Divided Tongues

Life Notes—May 20, 2010 

“When the day of Pentecost had come, they were all together in one place.  And suddenly from heaven there came a sound like the rush of a violent wind, and it filled the entire house where they were sitting.  Divided tongues, as of fire, appeared among them, and a tongue rested on each of them.  All of them were filled with the Holy Spirit and began to speak in other languages, as the Spirit gave them ability.”  Acts 2:1-4 

This Sunday we celebrate Pentecost, a somewhat un-Methodist-like event.  Speaking in tongues is not a practice any good Methodist I know dabbles in.  Many of us picture speaking in tongues based on what we’ve seen on TV.  A televangelist lays hands on someone and they fall to the floor and begin mumbling syllables unrecognizable to most of us.  It’s not what most Methodists are comfortable seeing in their aisles. 

I did have an opportunity to witness a speaking-in-tongues event once; one of a religious nature.  It wasn’t particularly weird at all, except for not understanding what was being said.  As a devotion before the meal one person spoke in another tongue, then an interpretation was given.  It was not too different from saying a prayer before a meal, except it wasn’t exactly a prayer and it wasn’t in English.  Other than that, it was similar.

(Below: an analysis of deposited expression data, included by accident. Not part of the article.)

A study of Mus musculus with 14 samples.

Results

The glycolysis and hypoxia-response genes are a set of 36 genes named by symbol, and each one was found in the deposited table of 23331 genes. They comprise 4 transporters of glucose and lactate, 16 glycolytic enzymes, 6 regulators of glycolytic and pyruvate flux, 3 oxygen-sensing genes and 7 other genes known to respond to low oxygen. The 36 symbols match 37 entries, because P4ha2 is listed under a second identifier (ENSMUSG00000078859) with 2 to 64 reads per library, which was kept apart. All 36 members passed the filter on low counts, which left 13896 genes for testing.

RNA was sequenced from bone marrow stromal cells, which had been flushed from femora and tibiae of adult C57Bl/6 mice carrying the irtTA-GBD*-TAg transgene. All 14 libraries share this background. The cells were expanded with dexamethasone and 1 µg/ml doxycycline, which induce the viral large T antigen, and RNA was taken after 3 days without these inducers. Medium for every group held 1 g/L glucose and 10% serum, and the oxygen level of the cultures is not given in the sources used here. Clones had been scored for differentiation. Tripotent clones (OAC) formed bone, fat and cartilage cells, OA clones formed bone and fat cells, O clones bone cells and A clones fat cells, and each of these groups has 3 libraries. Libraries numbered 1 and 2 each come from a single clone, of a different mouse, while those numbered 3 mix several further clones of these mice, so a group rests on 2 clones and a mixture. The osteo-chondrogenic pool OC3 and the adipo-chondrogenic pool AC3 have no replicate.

Actually, my family has been experiencing a lot of speaking-in-tongues in our own home since last August when Julia, our exchange student from Ukraine, moved in.  Her native language is Russian, although she also speaks Ukrainian, a little German and is learning Spanish.  Oh, and she speaks English, too.  When Julia finds another person who speaks Russian it is cause to celebrate!  She takes such joy in being able to communicate easily in her native tongue, without having to interpret from English to Russian in her head, and then back from Russian to English just to visit with someone. 

I think our experience of tongues with Julia may be similar to what the disciples and others experienced on the day of Pentecost than what we see on TV.  People were amazed to hear others speaking in their native tongues, and they could understand in ways they had never been able to understand before.  Lines of communication were opened that had been limited or closed prior to Pentecost.  It was like the Holy Spirit’s version of instantaneous communications software—the original Rosetta Stone, if you will.  Our experience with Julia’s native “tongue” hasn’t been weird at all, it’s just different.  And maybe not so un-Methodist-like after all. 

Kara’s sermon title this week is “Come, Holy Spirit,” based on the scripture Acts 2:1-21.  Life worship begins at 10:45 in Brady hall.  Traditional worship is at 8:30 and 11:00 in the sanctuary.  Contemporary worship at the west campus begins at 9:30. 

Come home to worship this Sunday.  Celebrate the coming of the Holy Spirit!

Greg Hildenbrand, Life Music Coordinator

2 thoughts on “Divided Tongues

  1. Greg: Your description of your exchange student’s language ability as someone from Ukraine who is able to speak Ukrainian in addition to her “native tongue” of Russian was interesting. It illustrates, I think, one of the problems facing this new country that only recently regained a place on the map after centuries under Russian control. Even after two decades of independence, many citizens of the Ukraine still find it difficult to embrace Ukrainian as their country’s first language.